Back in April 2018 we told you about the difficulties faced by the prosecution in the case against the three Mexican nationals Belen Hernandez, Joscat Jafet Hernandez and Lionel Isaac Rodriguez.
The trio is accused of stealing from Atlantic Bank between November 2017 and January 2018 via various ATM machines throughout the country, including the Free Zone, Corozal Town, Orange Walk Town, Belize City, San Pedro Town, Caye Caulker and San Ignacio.
The trio was busted in the Corozal District with a huge bundle of Mexican pesos. Authorities used a water bill to trace them to an apartment in the Ladyville area where they had been staying since December. That's where police took custody of several computers and other electronic items - which are being scanned for information that give some clue as to their activities in Belize.
It seemed an airtight case for Police, but we noted that the investigations was clearly in trouble in April last year when the prosecution was unable to present disclosure to the Mexicans for the theft charge against them. The case based on that charge was thrown out, but authorities still held the individuals as they placed new charges.
Rodriguez faced five charges, while the Hernandez couple faced two.
Last week, the trial commenced with a number of witnesses including Bank Manager Pedro Lozano and computer systems operator Robert Garcia. Today the witnesses included Inspector Wilfredo Ferrufino who is the head of the investigation team.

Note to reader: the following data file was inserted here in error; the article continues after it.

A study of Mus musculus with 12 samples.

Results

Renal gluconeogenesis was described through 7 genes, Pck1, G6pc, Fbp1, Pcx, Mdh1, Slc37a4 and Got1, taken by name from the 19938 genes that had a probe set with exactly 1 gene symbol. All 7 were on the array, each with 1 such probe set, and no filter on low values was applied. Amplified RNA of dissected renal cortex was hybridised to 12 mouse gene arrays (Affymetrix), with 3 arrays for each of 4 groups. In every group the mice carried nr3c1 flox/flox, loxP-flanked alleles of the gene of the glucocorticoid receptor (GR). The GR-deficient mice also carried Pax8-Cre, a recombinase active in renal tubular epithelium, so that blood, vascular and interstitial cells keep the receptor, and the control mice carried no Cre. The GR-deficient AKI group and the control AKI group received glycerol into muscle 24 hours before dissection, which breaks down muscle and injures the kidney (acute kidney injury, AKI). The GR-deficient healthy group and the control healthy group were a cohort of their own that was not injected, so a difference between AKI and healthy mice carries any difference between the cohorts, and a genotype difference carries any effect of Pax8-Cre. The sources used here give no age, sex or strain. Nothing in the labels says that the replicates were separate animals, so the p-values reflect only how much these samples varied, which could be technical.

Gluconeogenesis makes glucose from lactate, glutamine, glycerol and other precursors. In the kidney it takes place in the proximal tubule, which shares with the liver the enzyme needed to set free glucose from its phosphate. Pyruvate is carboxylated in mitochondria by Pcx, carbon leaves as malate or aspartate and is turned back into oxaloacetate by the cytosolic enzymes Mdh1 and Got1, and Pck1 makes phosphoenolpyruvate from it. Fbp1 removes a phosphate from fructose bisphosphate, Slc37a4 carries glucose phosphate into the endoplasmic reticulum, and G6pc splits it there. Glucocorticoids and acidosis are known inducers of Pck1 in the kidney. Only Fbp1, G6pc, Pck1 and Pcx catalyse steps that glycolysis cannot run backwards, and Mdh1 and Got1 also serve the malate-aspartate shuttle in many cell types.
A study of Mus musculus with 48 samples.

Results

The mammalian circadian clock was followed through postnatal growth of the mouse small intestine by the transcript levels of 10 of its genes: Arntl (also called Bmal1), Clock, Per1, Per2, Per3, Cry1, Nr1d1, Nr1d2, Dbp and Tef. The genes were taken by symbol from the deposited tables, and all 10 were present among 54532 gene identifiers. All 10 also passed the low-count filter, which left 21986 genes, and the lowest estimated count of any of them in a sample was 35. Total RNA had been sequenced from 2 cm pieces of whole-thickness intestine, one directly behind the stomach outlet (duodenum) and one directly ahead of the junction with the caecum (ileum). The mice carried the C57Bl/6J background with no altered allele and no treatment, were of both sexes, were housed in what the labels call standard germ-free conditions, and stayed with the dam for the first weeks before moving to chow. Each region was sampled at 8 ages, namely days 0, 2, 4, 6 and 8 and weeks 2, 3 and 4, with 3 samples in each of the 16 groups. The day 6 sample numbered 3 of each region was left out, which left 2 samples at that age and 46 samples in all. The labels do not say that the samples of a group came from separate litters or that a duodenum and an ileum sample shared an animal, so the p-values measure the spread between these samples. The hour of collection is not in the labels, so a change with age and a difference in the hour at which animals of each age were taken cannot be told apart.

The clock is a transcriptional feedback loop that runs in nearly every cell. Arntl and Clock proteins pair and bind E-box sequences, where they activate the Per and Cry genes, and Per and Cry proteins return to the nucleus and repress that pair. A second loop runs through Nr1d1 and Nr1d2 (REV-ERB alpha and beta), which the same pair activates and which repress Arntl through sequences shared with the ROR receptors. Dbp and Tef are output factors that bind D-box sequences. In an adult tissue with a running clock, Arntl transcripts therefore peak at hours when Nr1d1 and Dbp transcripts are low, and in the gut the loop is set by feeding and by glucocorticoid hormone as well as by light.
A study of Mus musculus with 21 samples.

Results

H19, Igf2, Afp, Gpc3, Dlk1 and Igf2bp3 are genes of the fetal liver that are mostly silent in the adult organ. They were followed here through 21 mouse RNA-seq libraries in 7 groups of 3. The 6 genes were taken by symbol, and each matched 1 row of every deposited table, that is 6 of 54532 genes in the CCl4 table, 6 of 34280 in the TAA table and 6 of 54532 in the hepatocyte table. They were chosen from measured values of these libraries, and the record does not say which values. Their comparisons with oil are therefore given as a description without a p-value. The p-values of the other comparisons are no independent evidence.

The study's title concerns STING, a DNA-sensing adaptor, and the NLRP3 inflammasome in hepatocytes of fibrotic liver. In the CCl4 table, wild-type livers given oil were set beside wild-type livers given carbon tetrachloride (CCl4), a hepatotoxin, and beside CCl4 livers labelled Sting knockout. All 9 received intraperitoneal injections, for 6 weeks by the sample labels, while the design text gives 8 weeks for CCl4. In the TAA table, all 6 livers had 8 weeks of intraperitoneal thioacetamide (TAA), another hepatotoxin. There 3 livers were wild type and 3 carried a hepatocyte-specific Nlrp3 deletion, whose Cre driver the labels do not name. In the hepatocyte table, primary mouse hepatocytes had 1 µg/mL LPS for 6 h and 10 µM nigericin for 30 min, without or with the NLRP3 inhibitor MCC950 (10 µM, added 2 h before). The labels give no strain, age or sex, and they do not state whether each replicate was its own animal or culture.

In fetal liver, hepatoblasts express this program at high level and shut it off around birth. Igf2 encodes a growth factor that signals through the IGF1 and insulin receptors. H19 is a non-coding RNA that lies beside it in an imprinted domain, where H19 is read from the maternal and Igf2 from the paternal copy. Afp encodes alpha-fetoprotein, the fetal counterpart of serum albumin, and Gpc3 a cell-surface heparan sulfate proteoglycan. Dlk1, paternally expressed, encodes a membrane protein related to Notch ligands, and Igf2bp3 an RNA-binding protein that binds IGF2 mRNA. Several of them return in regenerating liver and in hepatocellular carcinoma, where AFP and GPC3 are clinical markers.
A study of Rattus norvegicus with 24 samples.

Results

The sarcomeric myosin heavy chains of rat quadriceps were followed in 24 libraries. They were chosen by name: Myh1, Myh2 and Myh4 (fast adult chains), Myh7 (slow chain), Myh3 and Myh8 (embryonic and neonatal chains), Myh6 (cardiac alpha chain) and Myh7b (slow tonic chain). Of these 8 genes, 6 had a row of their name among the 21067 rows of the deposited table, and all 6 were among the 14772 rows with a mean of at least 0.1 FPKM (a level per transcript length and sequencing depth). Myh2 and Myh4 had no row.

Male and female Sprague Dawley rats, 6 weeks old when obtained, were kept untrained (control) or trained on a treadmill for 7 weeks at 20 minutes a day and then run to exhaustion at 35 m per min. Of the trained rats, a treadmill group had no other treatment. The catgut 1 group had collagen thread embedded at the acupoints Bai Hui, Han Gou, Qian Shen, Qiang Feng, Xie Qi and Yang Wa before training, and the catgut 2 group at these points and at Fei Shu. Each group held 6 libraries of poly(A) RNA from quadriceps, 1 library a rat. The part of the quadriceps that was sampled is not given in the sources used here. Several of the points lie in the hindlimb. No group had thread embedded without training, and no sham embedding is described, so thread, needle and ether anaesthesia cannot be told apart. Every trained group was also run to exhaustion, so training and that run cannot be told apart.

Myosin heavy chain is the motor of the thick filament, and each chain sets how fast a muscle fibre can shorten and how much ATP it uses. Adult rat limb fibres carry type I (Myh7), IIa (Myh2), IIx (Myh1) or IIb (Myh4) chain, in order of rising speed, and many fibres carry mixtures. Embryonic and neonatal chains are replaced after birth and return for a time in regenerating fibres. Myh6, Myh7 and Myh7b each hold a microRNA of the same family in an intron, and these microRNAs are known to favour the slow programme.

After hearing Inspector Ferrufino’s testimony this afternoon, defense attorney for the Mexicans, Leslie Hamilton, got up to enter a no case submission before the court.
Hamilton based his submission on two points, first that no evidence that links the defendants to the offense of theft was presented and that there was no evidence that Atlantic Bank was the owner of the items claimed stolen which included international cards and over thousands of dollars in pesos. Hamilton indicated that among the international cards presented, none were Atlantic Bank cards, and in fact no card was presented as evidence to the court.
He submitted to the court that the defendants should instead be acquitted and the matter dismissed. Hamilton cited the case of the Queen and Galbraith which established the circumstances of a case in which a jury should accept a no case submission request.
The application stands now before Magistrate Lionel Olivera, but first he will hear a response from the prosecution on Monday January 28th. Magistrate Olivera will then deliver his decision on January 30th.